By Joyce Edlefsen
ASHTON — As the Henry’s Fork continues to drop over the Chester Dam, construction crews are working on both shores of the river on a project that could improve the fishery and produce 3.3 megawatts of power.
Fall River Rural Electrical Cooperative Manager Bryan Case says work on the more than $15 million project has gone relatively smoothly since the project began major excavation work last spring.
Anglers used to seeing mainly waterfowl and other anglers get a completely different view now of the area near Fremont-Madison Irrigation District’s Chester Dam. For decades the dam has served as a diversion structure to get water into the small Last Chance Canal on the south shore of the river and the larger Cross Cut that takes off from the north shore.
Headworks for both of the canals will be improved and fish screens and fish returns installed as part of the project through a settlement agreement signed by the Fall River REC, Fremont-Madison Irrigation, the Idaho Fish and Game, the Henry’s Fork Foundation and many other players interested in an improved fishery resulting from the project.
This week visitors to the dam will see heavy equipment and crews working to repair and improve the headgates of the Last Chance Canal and doing preliminary work on installing concrete for fish screens and returns from the canal on the south side of the river.
In the huge hole excavated on the north side of the river, the intake wall with three large circles is taking shape. Three turbines are expected to arrive at the site in December, and crews will begin to install them in January, Case says.
The turbines could produce as much as 3.6 megawatts of power at maximum output and maximum cubic feet of water. But under an agreement reached with the entities and agencies that signed the Federal Energy Regulatory Commission settlement, the turbines will run at a maximum of 3.3 megawatts with the previously agreed water flow of 3,500 cubic feet per second – at least initially.
Case says the walls for the powerhouse where the water will exit also are under construction in the deep hole. Hammering and other construction noises mix with the geese honking as they fly up and down the river overhead.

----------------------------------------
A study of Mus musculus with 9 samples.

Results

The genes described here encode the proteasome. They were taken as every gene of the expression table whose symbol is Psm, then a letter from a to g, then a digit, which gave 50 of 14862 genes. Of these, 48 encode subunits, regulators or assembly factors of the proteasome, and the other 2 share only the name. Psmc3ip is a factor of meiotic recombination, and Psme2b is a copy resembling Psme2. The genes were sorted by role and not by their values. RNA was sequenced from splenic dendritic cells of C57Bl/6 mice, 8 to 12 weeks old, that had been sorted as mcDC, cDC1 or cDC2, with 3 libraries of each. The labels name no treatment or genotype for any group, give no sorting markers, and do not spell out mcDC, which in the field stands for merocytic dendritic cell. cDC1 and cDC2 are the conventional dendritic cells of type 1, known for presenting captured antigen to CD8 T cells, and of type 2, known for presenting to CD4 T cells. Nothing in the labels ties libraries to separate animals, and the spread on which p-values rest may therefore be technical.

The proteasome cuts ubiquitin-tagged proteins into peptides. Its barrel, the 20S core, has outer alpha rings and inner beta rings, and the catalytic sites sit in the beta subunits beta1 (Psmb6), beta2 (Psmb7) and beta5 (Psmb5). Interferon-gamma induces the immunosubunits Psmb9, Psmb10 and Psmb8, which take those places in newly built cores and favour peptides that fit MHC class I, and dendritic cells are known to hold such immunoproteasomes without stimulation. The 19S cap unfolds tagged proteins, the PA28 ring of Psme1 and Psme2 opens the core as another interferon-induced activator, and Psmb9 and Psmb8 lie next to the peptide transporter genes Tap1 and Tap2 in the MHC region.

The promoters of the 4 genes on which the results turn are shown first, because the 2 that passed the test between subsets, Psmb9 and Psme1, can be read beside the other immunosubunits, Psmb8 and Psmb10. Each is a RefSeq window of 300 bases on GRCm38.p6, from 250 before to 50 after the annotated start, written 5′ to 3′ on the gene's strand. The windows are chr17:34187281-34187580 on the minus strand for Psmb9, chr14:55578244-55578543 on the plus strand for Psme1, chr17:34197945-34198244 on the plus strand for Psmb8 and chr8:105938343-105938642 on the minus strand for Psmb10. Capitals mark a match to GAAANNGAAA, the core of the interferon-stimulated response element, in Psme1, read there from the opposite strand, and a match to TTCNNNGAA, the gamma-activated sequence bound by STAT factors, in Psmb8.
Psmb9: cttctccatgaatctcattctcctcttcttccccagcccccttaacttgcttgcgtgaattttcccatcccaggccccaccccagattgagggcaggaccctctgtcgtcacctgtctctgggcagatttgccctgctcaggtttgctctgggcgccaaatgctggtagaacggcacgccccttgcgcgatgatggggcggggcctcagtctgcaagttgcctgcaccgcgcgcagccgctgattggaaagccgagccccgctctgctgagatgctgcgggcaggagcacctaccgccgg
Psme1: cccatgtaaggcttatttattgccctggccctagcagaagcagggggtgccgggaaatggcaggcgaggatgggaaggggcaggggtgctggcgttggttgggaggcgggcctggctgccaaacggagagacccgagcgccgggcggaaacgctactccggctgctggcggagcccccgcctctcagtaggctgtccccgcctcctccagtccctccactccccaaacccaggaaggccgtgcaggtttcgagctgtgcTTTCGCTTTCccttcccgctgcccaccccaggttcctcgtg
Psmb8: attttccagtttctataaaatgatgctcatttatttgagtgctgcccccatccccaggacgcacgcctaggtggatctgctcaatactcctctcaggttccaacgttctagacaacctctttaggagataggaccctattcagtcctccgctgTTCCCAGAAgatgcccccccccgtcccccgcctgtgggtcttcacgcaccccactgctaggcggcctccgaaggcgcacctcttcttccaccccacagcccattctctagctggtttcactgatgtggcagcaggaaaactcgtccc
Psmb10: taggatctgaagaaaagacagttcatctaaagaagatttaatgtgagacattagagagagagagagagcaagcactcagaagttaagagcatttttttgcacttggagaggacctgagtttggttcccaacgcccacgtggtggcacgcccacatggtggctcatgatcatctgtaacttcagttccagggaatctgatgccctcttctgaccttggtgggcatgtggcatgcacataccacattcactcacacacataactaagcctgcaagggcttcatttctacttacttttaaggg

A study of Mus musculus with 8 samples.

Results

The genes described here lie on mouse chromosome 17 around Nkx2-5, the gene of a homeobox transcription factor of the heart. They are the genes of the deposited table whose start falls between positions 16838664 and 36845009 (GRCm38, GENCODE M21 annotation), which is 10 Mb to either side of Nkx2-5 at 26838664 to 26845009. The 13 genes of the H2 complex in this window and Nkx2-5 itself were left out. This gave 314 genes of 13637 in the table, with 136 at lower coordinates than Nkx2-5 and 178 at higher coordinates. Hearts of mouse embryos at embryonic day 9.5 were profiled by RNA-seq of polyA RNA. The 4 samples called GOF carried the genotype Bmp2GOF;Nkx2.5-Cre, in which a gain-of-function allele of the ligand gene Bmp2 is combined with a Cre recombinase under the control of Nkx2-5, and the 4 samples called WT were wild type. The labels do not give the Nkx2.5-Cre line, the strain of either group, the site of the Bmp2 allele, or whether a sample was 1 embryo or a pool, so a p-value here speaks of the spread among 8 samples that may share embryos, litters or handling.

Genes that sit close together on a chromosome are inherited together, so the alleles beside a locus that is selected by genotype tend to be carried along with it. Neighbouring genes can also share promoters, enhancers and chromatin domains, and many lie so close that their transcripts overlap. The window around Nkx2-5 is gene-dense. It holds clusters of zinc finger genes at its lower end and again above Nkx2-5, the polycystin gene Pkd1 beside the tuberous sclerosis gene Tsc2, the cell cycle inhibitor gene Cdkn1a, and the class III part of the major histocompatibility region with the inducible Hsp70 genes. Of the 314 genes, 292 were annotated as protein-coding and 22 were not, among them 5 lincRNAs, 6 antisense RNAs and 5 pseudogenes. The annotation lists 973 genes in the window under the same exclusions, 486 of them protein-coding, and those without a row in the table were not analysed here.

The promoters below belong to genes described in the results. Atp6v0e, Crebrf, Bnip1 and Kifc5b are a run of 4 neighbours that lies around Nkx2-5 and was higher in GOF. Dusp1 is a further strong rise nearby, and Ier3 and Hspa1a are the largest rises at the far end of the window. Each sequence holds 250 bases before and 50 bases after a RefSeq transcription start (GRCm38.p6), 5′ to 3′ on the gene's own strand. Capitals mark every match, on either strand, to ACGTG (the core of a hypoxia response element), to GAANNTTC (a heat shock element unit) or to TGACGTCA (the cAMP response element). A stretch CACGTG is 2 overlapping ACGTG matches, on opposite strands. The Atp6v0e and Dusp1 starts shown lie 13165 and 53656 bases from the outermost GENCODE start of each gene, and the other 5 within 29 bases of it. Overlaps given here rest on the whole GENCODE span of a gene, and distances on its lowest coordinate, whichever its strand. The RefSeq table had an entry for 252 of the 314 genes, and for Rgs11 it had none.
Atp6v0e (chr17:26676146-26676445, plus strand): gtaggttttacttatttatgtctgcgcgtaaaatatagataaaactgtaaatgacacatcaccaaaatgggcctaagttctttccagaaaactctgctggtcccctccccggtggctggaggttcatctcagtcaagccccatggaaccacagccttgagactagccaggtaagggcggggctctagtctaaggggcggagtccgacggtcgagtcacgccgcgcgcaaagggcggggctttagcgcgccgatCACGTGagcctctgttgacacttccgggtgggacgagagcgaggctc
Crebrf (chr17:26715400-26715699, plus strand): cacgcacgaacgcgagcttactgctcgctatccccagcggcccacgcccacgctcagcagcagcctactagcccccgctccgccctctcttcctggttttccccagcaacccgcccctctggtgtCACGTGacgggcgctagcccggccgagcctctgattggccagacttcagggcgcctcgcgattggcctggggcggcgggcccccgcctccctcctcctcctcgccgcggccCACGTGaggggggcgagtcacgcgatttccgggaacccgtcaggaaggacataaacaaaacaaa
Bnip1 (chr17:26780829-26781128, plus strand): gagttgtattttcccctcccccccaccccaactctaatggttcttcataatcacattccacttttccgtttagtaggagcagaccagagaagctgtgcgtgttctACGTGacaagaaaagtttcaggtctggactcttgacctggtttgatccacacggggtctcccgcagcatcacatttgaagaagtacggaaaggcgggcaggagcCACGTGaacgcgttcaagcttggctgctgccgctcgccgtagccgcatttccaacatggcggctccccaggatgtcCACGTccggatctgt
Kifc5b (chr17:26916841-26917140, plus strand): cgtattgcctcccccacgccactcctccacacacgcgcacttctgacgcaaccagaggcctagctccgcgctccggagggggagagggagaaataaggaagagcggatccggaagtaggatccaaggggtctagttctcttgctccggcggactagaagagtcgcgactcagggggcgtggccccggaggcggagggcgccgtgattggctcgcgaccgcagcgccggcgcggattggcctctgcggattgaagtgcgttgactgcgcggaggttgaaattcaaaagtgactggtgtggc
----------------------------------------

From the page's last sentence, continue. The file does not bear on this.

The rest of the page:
While the busy season for outfitters and other boats is over on the river upstream of the dam, a takeout site is still available for float boats. A new bridge and detour around the huge piles of materials from the hole allow anglers access to the river upstream.
Fall River REC hopes to begin generating power at the dam in April 2011, but the project won’t be complete until the fall of 2011 when the rubber dam will be placed across the top of the existing dam, Case says.
“So far, everything has been going mostly according to plan,” he says.
Ashton Dam outflow to be increased Monday
Rocky Mountain Power announced that on Monday, outflow from Ashton Reservoir will be increased by approximately 200 cubic feet per second above inflow to the reservoir. This will cause the reservoir level to decline approximately 1 foot per day to test generating equipment at low reservoir levels.
That rate will be maintained through Friday or until elevation 5,147 is reached. The reservoir is currently at 5,152 elevation.
Starting Nov. 17 outflow will be reduced approximately 200 cubic feet per second below inflow to begin refilling the reservoir approximately 1 foot per day. This will be maintained through Nov. 21.